A 10-year-old girl and an elderly woman carried out a suicide bombing in Nigeria on Friday at prayer grounds in Damaturu, killing 12 people. At least 64 people in total are dead following a series of attacks in Nigeria during the Muslim Eid al-Fitr celebration, marking the end of Ramadan.
The Associated Press reported that blasts took place at a market in Gombe as well, where 50 people were killed, and another 75 injured.
Officials are blaming terror group Boko Haram, which has been carrying out shootings and bombings in Nigeria since 2009, and has killed hundreds during this year's Ramadan alone.
The terror group has massacred both Christians and Muslims, targeting all that it deems opposed to its extremist ideology.
Persecution watchdog group Christian Solidarity Worldwide said in a statement:
"Despite its pseudo-religious pronouncements, with every atrocity Boko Haram illustrates it is no more than a death cult that indoctrinates members to kill without conscience, regardless of the creed espoused by its victims."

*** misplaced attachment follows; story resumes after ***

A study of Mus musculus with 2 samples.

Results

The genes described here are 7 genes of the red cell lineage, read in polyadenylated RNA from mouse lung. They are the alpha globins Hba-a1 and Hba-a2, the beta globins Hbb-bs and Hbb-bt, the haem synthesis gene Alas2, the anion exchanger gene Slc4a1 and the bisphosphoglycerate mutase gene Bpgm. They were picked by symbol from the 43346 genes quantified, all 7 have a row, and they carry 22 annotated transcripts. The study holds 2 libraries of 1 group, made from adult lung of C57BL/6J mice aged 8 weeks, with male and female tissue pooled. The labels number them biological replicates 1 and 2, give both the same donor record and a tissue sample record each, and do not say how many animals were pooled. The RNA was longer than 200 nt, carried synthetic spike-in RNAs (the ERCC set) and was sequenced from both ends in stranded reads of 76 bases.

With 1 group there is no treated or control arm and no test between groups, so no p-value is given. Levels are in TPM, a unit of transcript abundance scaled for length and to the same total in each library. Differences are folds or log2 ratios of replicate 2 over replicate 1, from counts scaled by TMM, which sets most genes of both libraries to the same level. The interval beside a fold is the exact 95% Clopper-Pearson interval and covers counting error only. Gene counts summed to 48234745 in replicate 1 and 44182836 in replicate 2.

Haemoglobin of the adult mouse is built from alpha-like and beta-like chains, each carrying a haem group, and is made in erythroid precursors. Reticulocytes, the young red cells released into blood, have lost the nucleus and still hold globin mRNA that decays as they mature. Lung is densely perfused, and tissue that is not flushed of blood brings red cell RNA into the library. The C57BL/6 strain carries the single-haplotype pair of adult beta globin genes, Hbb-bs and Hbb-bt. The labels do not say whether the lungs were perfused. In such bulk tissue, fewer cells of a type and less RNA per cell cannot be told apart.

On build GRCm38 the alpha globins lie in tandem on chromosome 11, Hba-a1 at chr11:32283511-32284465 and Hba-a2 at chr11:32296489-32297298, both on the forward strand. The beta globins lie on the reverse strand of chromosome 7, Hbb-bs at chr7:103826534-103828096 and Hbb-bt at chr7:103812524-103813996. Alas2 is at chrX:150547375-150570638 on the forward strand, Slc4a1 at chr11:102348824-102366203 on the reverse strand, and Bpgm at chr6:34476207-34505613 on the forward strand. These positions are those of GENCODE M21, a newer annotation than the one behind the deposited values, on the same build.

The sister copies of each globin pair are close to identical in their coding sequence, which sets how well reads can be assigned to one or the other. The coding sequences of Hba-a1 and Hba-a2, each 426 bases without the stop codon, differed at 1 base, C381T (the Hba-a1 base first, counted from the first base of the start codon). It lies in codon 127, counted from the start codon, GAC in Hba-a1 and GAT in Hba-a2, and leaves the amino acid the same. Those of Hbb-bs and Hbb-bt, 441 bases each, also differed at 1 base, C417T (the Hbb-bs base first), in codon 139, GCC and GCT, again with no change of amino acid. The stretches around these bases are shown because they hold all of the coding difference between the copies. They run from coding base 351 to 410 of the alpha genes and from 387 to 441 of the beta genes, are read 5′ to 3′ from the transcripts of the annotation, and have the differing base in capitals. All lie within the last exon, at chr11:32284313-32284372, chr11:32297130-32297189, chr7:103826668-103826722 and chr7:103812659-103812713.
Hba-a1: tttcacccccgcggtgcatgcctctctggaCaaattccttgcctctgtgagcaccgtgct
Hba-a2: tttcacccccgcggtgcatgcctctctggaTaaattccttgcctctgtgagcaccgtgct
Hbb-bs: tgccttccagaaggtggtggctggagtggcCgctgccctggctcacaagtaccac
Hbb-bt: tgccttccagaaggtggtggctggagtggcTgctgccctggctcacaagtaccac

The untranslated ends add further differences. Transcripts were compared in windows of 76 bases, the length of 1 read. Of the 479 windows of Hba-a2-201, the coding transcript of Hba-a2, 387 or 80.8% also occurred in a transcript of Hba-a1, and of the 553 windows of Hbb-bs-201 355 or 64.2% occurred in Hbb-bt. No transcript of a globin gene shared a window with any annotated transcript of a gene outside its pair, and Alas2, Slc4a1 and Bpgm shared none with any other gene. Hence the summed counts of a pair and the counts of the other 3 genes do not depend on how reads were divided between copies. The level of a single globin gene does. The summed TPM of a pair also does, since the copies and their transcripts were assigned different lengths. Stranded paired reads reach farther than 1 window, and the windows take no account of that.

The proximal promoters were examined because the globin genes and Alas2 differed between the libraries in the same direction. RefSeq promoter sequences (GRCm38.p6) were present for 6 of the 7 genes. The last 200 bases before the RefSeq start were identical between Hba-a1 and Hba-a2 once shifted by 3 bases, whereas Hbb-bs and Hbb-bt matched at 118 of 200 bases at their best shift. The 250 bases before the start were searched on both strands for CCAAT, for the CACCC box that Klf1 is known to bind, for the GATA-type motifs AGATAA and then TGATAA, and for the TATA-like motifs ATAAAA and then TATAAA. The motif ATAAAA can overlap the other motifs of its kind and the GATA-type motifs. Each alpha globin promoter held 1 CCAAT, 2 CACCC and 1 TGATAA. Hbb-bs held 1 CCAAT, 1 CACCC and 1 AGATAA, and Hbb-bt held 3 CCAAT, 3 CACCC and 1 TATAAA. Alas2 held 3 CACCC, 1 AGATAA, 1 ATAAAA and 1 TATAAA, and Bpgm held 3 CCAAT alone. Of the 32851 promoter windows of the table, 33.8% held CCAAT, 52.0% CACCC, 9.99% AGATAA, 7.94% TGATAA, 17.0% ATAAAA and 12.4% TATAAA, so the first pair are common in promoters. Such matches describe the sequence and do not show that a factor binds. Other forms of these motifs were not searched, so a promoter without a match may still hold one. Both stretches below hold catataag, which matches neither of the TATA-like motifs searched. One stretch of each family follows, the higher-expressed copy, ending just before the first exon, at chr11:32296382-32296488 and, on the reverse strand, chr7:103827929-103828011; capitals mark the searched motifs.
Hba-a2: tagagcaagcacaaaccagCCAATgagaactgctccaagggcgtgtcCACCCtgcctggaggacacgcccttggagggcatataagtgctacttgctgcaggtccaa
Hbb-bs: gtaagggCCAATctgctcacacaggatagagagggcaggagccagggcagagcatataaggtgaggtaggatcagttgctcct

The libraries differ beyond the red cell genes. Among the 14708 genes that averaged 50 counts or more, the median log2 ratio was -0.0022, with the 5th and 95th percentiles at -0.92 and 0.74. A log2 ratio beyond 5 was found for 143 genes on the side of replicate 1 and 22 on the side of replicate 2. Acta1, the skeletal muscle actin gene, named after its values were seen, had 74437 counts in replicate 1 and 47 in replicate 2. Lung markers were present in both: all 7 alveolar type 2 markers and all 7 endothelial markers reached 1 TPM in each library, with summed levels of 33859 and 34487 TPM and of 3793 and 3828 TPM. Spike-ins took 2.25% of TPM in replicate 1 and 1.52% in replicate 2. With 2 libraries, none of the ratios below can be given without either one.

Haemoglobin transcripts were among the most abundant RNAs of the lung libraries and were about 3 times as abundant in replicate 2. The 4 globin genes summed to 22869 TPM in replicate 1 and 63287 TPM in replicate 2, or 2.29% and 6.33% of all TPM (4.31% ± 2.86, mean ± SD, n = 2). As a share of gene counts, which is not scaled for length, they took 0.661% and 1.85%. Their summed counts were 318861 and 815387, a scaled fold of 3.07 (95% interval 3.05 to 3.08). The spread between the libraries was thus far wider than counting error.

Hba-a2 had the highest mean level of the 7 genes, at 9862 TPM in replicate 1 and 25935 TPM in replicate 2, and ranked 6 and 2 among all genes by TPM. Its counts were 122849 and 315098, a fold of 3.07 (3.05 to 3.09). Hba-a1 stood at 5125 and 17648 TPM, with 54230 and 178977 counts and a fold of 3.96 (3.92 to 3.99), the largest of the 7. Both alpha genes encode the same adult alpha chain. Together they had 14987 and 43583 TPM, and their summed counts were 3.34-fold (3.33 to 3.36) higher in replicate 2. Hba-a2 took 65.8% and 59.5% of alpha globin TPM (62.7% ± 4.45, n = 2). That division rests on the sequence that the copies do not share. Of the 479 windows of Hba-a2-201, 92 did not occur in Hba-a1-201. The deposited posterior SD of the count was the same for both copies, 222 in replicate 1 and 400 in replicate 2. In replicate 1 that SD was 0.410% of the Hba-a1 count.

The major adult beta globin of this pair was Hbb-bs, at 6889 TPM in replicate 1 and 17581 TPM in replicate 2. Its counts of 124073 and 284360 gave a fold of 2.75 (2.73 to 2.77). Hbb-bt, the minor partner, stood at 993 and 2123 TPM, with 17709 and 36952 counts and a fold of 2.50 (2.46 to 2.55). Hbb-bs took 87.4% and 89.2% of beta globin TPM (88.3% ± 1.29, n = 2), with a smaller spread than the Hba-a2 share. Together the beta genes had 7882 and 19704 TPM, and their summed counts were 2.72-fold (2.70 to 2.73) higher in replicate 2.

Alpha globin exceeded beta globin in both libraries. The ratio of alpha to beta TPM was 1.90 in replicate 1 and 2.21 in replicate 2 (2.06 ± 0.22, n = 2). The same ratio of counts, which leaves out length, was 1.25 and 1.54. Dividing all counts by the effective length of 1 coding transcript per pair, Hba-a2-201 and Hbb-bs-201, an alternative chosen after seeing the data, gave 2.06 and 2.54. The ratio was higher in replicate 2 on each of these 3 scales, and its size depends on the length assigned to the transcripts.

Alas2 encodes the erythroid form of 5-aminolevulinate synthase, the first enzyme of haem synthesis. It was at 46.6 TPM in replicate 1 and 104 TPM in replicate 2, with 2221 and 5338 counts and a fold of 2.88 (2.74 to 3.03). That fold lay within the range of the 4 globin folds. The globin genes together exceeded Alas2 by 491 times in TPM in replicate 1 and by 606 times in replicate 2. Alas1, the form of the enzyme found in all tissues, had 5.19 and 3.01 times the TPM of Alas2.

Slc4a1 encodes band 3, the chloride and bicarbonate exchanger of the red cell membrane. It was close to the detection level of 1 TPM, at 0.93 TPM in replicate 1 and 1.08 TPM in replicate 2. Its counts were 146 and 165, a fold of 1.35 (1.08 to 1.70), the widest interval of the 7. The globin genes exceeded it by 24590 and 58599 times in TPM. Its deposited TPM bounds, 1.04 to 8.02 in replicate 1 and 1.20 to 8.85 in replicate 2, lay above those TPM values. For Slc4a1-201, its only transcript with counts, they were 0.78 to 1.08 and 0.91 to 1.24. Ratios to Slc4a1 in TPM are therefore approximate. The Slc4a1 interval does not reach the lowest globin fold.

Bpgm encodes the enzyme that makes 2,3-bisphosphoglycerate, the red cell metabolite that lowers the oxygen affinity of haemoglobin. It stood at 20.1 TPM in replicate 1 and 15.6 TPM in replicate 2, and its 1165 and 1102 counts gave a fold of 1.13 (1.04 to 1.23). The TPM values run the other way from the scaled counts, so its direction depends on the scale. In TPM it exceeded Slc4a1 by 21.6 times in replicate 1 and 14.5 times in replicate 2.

As for the 10-year-old girl and elderly woman who carried out the suicide blasts in Damaturu, Col. Sani Kukasheka Usman explained that they detonated their devices at screening areas set up by security forces to protect the Muslim prayer sites.
Security forces added: "The Yobe State Governor Ibrahim Geidam and the Chief of Army Staff Major General Tukur Yusuf Buratai have (sympathized) with the victims and the people of the state and urged residents to stay calm and be security conscious at all times."
While Nigerian President Muhammadu Buhari, who took office on May, has said that his administration will lead the charge in driving out the terror group from the country, so far the attacks have only intensified since he took power.
The U.N. has documented on a number of occasions instances where Boko Haram has been found to have used women and girls as suicide bombers.
"Children are not instigating these suicide attacks; they are used intentionally by adults in the most horrific way; they are, first and foremost, victims not perpetrators," UNICEF representative Jean Gough said in May.
Women and children have made up as many as three-quarters of all Boko Haram-led suicide bombings since last year, the U.N. added, with girls between 7 and 17 years old used in at least nine confirmed bombings before Friday's attacks.